Social Security Disability Insurance – SSDI

Social Security Disability Insurance (SSDI) is one of the two disability programs offered by the Social Security Administration (SSA). SSDI is an insurance program that protects workers who become disabled and lose the ability to work from loss of income. All employees and employers must pay into the program through FICA taxes. To qualify for SSDI, an applicant must meet the work credit requirements for their age and needs to be able to prove that their condition prevents them making substantial gainful activity (SGA).

 

Work Credits

The SSA has restrictions for Social Security Disability Insurance (SSDI) where the applicant must have earned enough “work credits” to qualify. A work credit is awarded for every $1,220 earned by the applicant in a given year and no more than 4 credits can be awarded per year. To qualify for disability benefits, typically an applicant must have earned at least 20 work credits in the past 10 years (this varies depending on the applicant’s age). To learn more about how work credits affect qualification for SSDI, check out our article on Work Credits.

How much will I receive in monthly benefits?

The amount of benefits an applicant may receive for SSDI depends the applicant’s work history and income. The Social Security Administration (SSA) uses the work history and income to determine the Average Indexed Earnings (AIME) and Primary Insurance Amount (PIA). The AIME and PIA are used to calculate the monthly disability benefits and are described below:

Average Indexed Monthly Earnings (AIME)

The Social Security Administration will first determine the AIME before calculating the PIA. They will look over your lifetime earnings to account for the increase in general wages that occurred during the years you worked. The SSA will also index your wages over the past 35 years (if applicable) and will use the years with the highest indexed earnings; the earnings within those years are added up, and then divided by the total number of months within those years.

Primary Insurance Amount (PIA)

Once the AIME has been determined, the SSA will calculate the Primary Insurance Amount (PIA). The PIA is actually the base retirement benefits an individual would receive if they retire at the normal retirement age. However, the SSA views an applicant’s request for disability benefits as early retirement since they can no longer work due to their disabling condition. As a result, they will use the PIA when determining the amount of benefits one would receive.

There are three fixed percentages from the AIME that will be utilized when determining the “bend points” for the PIA. Bend points vary each year to depending on the national average wage index. For an applicant who applies for SSDI benefits in 2015, according to SSA regulations, their PIA would be the sum of:

1. 90% of the first $826 of their average indexed monthly earnings (AIME)
2. 32% of their average AIME over $826 and through $4,980
3. 15% of the average indexed monthly earnings over $4,980

The SSA rounds the amount to next lower multiple of $0.10.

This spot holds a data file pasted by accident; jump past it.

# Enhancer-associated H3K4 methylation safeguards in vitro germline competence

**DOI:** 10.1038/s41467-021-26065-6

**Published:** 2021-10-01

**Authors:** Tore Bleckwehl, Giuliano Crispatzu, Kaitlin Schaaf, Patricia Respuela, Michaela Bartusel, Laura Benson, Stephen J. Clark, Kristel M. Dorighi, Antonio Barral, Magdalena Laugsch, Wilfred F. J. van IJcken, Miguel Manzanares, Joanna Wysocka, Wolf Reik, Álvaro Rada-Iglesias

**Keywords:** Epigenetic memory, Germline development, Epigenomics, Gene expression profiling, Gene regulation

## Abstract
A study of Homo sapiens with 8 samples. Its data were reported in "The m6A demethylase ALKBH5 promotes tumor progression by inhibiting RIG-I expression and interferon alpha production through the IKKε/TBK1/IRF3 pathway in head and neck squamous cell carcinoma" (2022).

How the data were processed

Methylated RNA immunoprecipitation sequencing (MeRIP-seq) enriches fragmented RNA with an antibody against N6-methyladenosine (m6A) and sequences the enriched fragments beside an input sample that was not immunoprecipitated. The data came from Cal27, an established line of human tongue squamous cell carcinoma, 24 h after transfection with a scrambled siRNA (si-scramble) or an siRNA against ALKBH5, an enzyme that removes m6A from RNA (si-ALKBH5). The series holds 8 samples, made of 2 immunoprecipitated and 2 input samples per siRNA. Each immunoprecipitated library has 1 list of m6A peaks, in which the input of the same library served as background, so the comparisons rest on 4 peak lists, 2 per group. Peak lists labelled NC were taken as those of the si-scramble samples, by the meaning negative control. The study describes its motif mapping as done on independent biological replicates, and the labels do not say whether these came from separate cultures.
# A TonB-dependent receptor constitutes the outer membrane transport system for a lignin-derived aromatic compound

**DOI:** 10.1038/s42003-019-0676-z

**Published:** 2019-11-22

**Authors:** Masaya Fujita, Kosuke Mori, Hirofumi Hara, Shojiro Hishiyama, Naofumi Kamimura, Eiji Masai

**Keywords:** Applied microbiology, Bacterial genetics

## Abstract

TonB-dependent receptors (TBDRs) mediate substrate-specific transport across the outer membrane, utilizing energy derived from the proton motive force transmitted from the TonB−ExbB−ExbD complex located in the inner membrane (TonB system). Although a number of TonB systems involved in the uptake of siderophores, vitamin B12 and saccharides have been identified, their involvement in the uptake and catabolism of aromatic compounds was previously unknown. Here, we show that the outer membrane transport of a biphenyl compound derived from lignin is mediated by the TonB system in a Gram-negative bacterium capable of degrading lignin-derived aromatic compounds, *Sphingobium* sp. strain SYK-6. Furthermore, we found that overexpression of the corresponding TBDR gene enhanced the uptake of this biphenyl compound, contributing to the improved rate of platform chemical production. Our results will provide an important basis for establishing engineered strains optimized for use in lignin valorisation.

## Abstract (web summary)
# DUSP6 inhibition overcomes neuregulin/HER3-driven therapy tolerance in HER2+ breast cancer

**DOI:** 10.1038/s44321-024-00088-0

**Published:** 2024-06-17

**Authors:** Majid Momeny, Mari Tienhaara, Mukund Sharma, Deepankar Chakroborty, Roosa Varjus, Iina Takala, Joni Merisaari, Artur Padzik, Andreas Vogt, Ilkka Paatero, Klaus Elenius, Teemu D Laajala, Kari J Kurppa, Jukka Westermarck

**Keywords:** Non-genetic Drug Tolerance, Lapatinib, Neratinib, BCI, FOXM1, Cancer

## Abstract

Medical Documentation

Before you go to submit your application for SSDI benefits, you should inform your doctors and other medical specialists (who are knowledgeable of your disability) of your intentions to apply for disability benefits. It is important to collect all documentation and information relating to your disabling condition(s) to prove your disability will last longer than a year and prevents you from achieving substantial gainful activity (SGA). Missing any important documentation may result in a delay or wrongful denial of your disability application.

Back Due Pay

The Social Security Administration’s application process can take anywhere from three months to two years. Due to this fact, when you are approved for SSDI, the SSA will send you your monthly disability check as well as a check known as back-due pay or retroactive benefits. This one-time check is compensation for the time it took the SSA to get you approved for disability benefits from when you submitted your application. For example, if you are approved for $500 monthly disability benefits and it took 10 months for your case to be approved, you will receive a check for $5,000. Its good to remember that this is a one-time check and is not your monthly benefit check.

Date of Disability

For SSDI cases, the SSA will pay back-due benefits from when an applicant’s disability first begun. The SSDI application asks applicants when they believe their disability started. This is also called the alleged onset date (AOD). When an applicant is approved for benefits, a DDS medical examiner or an administrative law judge (ALJ) will give the applicant an established onset date (EOD). The EOD is the date the SSA considers as the date the disability actually began and will be the date used to calculate the back-due benefits.

Representation Fees

An applicant applying for disability benefits who needs assistance with the application process may find help through a disability advocate or attorney. There is a fee associated with representation but only if the applicant is awarded benefits. The SSA governs the fee structure and pays qualified disability advocates and attorneys directly. The SSA limits the fee to 25% of the back-due benefits with a maximum of $6,000. If the applicant loses the case, there are no fees involved.